Some Biogeographers, Evolutionists and Ecologists:
Chrono-Biographical Sketches

Martonne, Emmanuel-Louis-Eugène de (France 1873-1955)
physical geography

Martonne was one of the leading physical geographers of the twentieth century. He was essentially an old-style regional geographer who became enamored with the landscape evolution approach of American geographer William M. Davis, extending it in both scientific and educational directions. Topically, he concentrated on geomorphology, especially the processes of mountain glaciation, peneplain development, and hydrography. As a regional geographer, he contributed numerous studies: on districts in France, Rumania, the Alps, Central Europe, etc. But his most important legacy overall was his nearly lifelong project, the Traité de Géographie Physique. This first appeared in two volumes in 1909, and had expanded to three volumes (including a separate one for biogeography) by the fourth edition of 1925-1927, and eventually reached a tenth edition by the time of Martonne's death.

Life Chronology

--born in Chabris, France, on 1 April 1873.
--1892: enters the École Normale Supérieure in Paris
--1895: graduates with degree in history and geography; thereafter works with Richthofen in Berlin and Penck in Vienna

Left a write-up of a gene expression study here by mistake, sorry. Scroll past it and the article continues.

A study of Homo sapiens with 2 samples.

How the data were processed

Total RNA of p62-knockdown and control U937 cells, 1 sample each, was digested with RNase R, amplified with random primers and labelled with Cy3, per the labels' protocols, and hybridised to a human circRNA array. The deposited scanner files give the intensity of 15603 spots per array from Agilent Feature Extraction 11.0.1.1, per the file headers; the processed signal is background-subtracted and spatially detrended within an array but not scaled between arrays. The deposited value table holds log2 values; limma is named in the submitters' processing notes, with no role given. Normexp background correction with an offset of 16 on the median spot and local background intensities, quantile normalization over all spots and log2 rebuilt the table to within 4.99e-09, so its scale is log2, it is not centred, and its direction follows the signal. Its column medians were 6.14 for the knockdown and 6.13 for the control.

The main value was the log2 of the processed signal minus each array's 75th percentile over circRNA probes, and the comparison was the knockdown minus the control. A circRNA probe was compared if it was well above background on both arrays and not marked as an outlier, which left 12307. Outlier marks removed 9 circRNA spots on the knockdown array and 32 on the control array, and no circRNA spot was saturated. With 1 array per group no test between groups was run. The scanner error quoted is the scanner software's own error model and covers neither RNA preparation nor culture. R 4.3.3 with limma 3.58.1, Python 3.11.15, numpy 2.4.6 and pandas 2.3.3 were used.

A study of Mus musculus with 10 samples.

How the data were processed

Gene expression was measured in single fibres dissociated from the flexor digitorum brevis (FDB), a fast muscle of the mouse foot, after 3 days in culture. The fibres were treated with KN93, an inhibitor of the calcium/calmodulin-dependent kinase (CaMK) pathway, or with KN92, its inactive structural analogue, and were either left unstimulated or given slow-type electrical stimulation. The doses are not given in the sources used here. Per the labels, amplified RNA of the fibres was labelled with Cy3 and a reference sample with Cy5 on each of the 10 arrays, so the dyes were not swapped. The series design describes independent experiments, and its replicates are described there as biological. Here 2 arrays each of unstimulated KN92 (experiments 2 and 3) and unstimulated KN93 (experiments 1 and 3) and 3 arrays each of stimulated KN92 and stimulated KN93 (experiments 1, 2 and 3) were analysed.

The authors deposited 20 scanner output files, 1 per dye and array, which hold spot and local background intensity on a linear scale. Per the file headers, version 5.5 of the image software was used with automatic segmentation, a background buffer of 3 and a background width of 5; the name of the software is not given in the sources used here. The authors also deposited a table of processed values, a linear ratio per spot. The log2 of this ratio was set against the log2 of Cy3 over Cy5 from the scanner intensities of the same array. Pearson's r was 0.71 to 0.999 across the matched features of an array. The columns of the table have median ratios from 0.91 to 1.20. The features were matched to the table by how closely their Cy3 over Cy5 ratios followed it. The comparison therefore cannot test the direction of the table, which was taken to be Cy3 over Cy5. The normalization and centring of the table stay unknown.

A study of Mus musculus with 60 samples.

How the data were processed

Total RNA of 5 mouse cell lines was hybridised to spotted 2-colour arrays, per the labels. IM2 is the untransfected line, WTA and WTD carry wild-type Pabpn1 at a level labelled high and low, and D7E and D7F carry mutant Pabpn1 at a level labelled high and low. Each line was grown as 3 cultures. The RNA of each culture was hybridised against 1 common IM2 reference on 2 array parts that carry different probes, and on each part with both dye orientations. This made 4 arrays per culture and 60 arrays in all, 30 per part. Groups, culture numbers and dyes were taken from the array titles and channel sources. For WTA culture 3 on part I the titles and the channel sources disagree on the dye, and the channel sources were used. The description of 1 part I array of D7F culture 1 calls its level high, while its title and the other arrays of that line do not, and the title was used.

--1899: joins geography department at the University of Rennes
--1904: accompanies William M. Davis on expedition to the American West and Mexico
--1905: joins the Faculty of Arts at the University of Lyons
--1909: made department head of geography in the Faculty of Letters at the Sorbonne
--1909: publishes the first edition of his Traité de Géographie Physique
--1916: visiting professor, Columbia University
--1920s: studies regions of high aridity with internal drainage
--1921: publishes study on the geographical regions of France
--1926: publishes regional study of the Alps
--1927-1944: serves as director of the Institut de Géographie, Paris
--1931-1938: serves as secretary general of the International Geographical Union
--1939: receives the American Geographical Society's Cullum Medal
--1942: elected a member of the Académie des Sciences
--1942: publishes his Géographie Physique de la France
--1944: retires from the Sorbonne
--1949: made president of life of the International Geographical Union
--1950: receives the Victoria Medal of the Royal Geographical Society, London
--dies at Sceaux, France, on 24 July 1955.

For Additional Information, See:

--Dictionary of Scientific Biography, Vol. 9 (1974).
--Bulletin de la Société Géologique de France, Vol. 6(6) (1956): 623-642. [in French]
--Geographical Review, Vol. 46(2) (1956): 277-279.
--Geographical Journal, Vol. 121(4) (1955): 547-549.